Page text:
The Chinese economy is said to be stagnating as a result of the import tariffs imposed by the United States. However, there is a much bigger threat to their economy — a mountain of dollar debt.
The debt problem
Total global dollar debt is estimated to be US$12 trillion, out of which Chinese reportedly owes US$3 trillion. In the past, the spread between the U.S. and Chinese interest rates was very lucrative. This enticed traders and investors to raise cheap dollar debt and convert it into Yuan assets that produced higher yields. However, this is not the case now.
In a bid to support economic growth, Beijing has kept its interest rates low, only increasing them slightly. In contrast, the U.S. Fed has generously raised interest rates. As a consequence, the spread between the U.S. and Chinese interest rates is so narrow that investors no longer find it profitable to borrow dollar debt to invest in Yuan assets.
Since March, the Yuan has slid more than 11 percent against the U.S. dollar. Right now, it is trading around 6.95 per the U.S. dollar, very close to the psychologically important figure of 7.00. If the value of the Yuan to the U.S .dollar exceeds the 7.00 level by a significant margin, this will potentially create panic among Chinese investors and trigger a Yuan selloff, pushing down the domestic currency’s value even further.
The US$3 trillion debt that China owes will become more expensive. Combined with a slowing economy and lower revenues, Chinese businesses, investors, and traders will find it difficult to pay off their dollar-based loans. This can lead to massive defaults and a financial cataclysm that will not only affect China, but the entire world.
About 10 years ago, China’s debt to GDP ratio was about 160 percent. “Now, it’s somewhere between 280 and 300 percent… [When other countries have accumulated debt that quickly, they have] almost invariably experienced a financial crisis… That’s like the United States before the sub-prime crisis, or Thailand before the Asian financial crisis,” Dinny McMahon, an expert on the Chinese economy, said to ABC News.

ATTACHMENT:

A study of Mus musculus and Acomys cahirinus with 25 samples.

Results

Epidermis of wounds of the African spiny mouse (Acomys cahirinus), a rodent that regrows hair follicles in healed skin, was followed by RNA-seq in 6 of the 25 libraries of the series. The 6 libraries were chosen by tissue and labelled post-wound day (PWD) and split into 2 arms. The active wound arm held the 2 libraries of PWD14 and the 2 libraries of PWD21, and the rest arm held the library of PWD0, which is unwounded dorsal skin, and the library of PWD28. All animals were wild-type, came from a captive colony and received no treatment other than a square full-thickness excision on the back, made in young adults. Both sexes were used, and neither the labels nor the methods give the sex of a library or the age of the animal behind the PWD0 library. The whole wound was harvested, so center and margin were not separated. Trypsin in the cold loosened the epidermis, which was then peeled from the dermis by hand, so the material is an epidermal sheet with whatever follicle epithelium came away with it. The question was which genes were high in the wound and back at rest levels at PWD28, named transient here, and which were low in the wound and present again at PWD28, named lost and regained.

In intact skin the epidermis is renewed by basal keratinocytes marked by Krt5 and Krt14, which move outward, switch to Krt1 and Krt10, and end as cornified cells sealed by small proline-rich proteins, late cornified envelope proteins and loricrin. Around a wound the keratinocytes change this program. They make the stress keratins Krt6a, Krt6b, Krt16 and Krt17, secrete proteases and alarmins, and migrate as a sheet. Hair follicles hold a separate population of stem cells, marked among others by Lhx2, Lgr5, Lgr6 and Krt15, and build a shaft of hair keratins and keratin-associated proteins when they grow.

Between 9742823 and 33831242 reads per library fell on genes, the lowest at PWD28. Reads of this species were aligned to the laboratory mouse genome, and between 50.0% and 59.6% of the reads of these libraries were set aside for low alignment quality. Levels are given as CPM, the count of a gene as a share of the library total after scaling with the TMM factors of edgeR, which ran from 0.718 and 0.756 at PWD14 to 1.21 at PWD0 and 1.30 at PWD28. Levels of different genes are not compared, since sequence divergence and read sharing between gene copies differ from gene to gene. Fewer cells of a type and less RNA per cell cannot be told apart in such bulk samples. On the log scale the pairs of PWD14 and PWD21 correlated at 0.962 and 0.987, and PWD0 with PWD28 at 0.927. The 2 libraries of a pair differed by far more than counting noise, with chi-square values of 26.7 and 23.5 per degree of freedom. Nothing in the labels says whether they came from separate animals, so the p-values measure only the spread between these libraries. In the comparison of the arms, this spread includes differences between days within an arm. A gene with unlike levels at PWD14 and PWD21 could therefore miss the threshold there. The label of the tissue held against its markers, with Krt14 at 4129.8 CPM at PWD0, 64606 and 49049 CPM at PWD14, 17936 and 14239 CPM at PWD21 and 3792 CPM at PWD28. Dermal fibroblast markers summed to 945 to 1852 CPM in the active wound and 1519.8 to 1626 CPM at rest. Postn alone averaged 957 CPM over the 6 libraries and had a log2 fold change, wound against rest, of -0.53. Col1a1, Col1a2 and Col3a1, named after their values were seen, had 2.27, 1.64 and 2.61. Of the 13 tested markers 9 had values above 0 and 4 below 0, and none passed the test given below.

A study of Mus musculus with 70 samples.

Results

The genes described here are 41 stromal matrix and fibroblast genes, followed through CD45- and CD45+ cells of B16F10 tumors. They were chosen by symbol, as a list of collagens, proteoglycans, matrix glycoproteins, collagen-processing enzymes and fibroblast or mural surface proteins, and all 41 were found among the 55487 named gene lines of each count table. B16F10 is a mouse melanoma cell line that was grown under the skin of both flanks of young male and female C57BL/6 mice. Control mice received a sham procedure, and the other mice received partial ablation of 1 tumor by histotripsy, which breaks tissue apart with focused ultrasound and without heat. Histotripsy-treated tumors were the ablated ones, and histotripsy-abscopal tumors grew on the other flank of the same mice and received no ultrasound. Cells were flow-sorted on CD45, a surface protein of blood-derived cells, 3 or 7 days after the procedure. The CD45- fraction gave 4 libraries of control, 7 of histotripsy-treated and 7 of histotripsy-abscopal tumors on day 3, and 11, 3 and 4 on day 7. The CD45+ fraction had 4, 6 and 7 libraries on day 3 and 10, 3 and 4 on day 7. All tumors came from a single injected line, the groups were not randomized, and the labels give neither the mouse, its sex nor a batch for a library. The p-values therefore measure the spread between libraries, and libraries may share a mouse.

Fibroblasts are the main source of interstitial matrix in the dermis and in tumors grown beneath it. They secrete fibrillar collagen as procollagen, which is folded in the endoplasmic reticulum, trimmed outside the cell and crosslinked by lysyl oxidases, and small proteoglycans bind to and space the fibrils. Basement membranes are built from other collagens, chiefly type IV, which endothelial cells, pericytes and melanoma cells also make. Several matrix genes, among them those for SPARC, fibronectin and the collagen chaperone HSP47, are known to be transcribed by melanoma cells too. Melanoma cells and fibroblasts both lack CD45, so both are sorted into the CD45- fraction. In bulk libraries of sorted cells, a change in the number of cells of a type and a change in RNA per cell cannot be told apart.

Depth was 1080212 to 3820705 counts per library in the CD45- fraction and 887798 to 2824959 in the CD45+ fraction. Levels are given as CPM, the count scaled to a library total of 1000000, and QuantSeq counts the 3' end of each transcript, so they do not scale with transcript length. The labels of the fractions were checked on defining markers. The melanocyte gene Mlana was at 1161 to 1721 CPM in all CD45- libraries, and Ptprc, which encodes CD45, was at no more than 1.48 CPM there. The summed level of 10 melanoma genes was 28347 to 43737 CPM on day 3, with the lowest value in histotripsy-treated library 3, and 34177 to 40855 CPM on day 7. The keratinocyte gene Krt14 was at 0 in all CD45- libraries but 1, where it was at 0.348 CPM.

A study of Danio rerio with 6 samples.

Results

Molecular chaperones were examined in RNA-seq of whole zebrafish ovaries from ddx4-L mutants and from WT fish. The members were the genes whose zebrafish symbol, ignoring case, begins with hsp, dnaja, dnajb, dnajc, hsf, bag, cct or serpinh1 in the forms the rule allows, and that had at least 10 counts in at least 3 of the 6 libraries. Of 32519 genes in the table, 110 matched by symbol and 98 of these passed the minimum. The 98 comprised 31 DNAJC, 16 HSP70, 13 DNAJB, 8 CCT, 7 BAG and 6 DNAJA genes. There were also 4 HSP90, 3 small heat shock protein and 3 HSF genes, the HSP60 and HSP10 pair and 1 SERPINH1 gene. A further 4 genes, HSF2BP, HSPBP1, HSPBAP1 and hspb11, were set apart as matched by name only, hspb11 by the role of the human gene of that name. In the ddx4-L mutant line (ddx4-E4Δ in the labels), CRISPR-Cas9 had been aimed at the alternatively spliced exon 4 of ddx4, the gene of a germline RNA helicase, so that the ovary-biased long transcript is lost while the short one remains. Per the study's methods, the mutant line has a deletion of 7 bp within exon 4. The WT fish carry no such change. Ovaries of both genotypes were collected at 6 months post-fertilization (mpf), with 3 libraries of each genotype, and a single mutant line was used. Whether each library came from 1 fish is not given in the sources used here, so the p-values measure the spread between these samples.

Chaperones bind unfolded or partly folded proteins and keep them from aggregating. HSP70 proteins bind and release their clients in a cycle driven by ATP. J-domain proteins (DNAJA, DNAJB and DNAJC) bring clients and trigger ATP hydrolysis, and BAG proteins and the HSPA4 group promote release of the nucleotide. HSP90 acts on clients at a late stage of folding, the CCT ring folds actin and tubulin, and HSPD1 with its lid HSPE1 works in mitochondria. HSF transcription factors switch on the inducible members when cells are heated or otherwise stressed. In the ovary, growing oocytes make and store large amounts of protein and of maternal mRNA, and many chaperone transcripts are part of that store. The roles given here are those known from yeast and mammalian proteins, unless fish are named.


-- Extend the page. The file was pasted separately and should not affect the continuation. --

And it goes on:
Tough times for small businesses
The economic stagnation has raised an alarm in Beijing. The state economists are desperately planning several measures to ensure the economy keeps growing. Special attention is being placed on helping small enterprises, as they employ a large number of people.
Small business can only grow if adequate credit is made available to them. However, Beijing has been following a policy of restricting credit availability among businesses in a bid to control the debt bubble. “I think the key challenge on the SMEs is the lack of proper funding channels at a reasonable market rate to support their business,” William Ma, Chief Investment Officer at Noah Holdings in Hong Kong, said to CNBC.
In early November, Chinese President Xi Jinping had assured that Beijing would provide businesses with easier access to financing. However, China’s policymakers face a tough choice at present. On one hand, it can ease debt requirements and ensure that small businesses get the credit they need. This will potentially lead to economic growth and keep unemployment in check.
On the other hand, allowing businesses to take more loans would mean that the country’s debt bubble keeps building up uncontrollably.